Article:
What Hobby Lobby asserts is that some of these "medical" procedures (all of which would have been condemned by Hippocrates) violate the religous views of the primary stockholders and management of the corporation, and therefore the corporation ought to be exempted from having to pay for what they, the owners footing the bill, regard as the murders of innocent babies. From their perspective, it would be similar to requiring them to pay the cost for their employees to hire professional assassins to murder their spouses. They should not be forced by the law to become accomplices to murder, even if they are excused from culpability for the crime. After all, we give "conscientious objector" status, excusing individuals from compulsory military service who object to killing enemy soldiers, and it extends to include excusing them from non-combat positions on the ground that their involvement in such positions facilitates the killing by freeing some other individual from such non-combat duty and so putting them in a position to kill.

Organizations already registered as non-profit religious organizations under the tax laws may opt out of covering "contraceptive" coverage by claiming religious objections; the Catholic Church, for example, does not have to pay for abortions for its priests and nuns. That actually does not mean that these people are not covered--under the law, the insurer must cover them directly at no additional cost, which technically means that whenever an individual organization opts out of paying for such coverage, the price of medical coverage rises for everyone so as to provide a fund to cover such services. What is at stake in the present case is whether this ought to extend to the religious beliefs of employers in for-profit companies. The Hobby Lobby situation is important because it is something of a middle ground: it is a publicly owned corporation, but primarily owned and controlled by a core group who are agreed in their religious objection. If the Court decides that they should be able to assert the equivalent of a conscientious objector status, that will automatically cover the many sole proprietorships, partnerships, and limited liability corporations owned and operated by individuals or groups who have similar objections; if the Court decides against them, the question will remain concerning what standards a publicly owned corporation must meet to obtain an exemption from covering this (which if too broad would probably negate the point: since the insurers have to charge everyone more to cover the non-payment for these services by some, as the pool of those who do not pay directly grows, the base cost of the insurance coverage also grows for everyone including the exempt, to cover such "covered unpaid" expenses), but those other more closely-owned companies might still be exempt.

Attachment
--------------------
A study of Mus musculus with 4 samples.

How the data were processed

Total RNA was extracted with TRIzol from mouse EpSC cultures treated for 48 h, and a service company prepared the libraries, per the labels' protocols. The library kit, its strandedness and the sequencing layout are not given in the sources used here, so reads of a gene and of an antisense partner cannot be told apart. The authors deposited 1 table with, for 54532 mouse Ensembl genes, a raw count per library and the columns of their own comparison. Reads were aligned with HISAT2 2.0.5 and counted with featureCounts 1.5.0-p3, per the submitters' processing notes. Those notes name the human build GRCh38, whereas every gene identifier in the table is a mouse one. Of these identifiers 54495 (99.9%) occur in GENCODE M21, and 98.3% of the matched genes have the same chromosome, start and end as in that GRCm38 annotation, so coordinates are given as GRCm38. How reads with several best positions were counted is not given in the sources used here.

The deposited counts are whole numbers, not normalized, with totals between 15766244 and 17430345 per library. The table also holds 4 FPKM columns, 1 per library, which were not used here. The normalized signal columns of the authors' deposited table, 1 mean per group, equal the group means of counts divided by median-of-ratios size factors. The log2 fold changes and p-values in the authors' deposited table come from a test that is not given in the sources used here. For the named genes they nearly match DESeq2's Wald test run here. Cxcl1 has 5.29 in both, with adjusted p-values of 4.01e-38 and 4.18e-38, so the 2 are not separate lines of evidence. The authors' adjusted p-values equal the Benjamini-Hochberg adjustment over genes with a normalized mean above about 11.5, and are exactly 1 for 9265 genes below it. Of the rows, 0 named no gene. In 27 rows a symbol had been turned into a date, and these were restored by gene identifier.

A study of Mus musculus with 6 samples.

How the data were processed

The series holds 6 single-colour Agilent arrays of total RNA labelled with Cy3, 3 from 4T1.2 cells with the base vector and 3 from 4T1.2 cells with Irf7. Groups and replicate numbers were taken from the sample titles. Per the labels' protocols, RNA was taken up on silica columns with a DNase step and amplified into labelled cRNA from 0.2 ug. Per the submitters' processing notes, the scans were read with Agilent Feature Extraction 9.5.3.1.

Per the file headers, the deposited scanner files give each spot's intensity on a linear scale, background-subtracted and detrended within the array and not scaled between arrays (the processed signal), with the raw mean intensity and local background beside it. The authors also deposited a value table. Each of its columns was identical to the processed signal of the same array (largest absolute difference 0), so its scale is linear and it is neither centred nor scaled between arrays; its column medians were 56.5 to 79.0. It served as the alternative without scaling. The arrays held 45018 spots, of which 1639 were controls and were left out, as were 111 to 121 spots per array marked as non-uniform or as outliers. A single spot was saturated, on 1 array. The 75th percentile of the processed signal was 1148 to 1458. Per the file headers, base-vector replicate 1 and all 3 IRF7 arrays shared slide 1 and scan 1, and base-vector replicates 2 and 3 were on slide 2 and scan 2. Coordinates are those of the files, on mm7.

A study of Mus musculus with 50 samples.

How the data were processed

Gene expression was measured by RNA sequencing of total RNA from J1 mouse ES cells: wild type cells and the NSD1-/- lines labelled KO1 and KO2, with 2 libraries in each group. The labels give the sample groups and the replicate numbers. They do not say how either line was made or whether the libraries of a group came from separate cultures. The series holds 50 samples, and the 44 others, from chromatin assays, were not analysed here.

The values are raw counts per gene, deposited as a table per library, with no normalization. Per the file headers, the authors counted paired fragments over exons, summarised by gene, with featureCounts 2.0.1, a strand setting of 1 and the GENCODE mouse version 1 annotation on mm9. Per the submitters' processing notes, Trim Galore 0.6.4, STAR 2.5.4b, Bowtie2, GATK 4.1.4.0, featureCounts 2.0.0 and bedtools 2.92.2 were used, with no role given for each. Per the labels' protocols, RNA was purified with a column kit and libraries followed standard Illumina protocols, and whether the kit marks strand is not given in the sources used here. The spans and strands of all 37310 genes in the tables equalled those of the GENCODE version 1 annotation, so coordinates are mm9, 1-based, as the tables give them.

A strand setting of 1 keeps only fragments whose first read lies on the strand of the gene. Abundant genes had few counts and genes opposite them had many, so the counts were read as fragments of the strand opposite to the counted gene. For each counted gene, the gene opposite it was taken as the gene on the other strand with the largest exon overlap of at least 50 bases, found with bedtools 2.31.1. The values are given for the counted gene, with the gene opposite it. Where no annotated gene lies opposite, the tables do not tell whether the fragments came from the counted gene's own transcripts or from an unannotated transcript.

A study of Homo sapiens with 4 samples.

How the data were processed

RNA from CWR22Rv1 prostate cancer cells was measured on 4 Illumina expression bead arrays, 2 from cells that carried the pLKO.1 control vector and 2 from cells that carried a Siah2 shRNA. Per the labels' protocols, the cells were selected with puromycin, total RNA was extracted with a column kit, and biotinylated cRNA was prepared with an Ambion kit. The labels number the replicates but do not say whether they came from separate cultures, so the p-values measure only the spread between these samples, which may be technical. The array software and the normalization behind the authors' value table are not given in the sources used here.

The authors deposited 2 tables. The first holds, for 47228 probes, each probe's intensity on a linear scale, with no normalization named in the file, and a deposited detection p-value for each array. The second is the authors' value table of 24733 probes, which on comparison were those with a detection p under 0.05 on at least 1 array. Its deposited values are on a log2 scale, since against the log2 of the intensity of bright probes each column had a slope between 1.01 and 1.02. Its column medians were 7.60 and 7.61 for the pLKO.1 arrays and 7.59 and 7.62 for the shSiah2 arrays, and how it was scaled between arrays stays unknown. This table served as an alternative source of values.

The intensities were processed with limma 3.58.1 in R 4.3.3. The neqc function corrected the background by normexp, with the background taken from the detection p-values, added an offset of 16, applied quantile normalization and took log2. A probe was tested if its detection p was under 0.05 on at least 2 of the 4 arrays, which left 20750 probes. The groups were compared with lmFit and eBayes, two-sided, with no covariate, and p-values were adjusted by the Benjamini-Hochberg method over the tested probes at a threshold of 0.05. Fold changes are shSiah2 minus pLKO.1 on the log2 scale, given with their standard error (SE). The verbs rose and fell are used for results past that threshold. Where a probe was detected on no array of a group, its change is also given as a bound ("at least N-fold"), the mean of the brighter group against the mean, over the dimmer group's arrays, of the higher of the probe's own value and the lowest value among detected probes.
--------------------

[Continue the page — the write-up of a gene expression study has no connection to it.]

That might be the fatal element here: if a corporation need only assert that it has conscientious objections to paying for contraceptive coverage, then very few will not do so, simply because it becomes a cost savings decision and has no impact on employee benefits. If you ask a corporation whether it would rather pay for a benefit for its employees or have someone else pay for that benefit, it will make the same decision you would: take the free route, save the money. Exempting Hobby Lobby, while it makes sense from the viewpoint of the religious convictions of the owners, creates the problem of creating regulations that define whether a publicly owned corporation actually holds a specific religious view that ought to be respected, or merely chooses to make such a claim in its own financial self-interest.

Decisions usually take at least several weeks, sometimes months, so patience will be needed.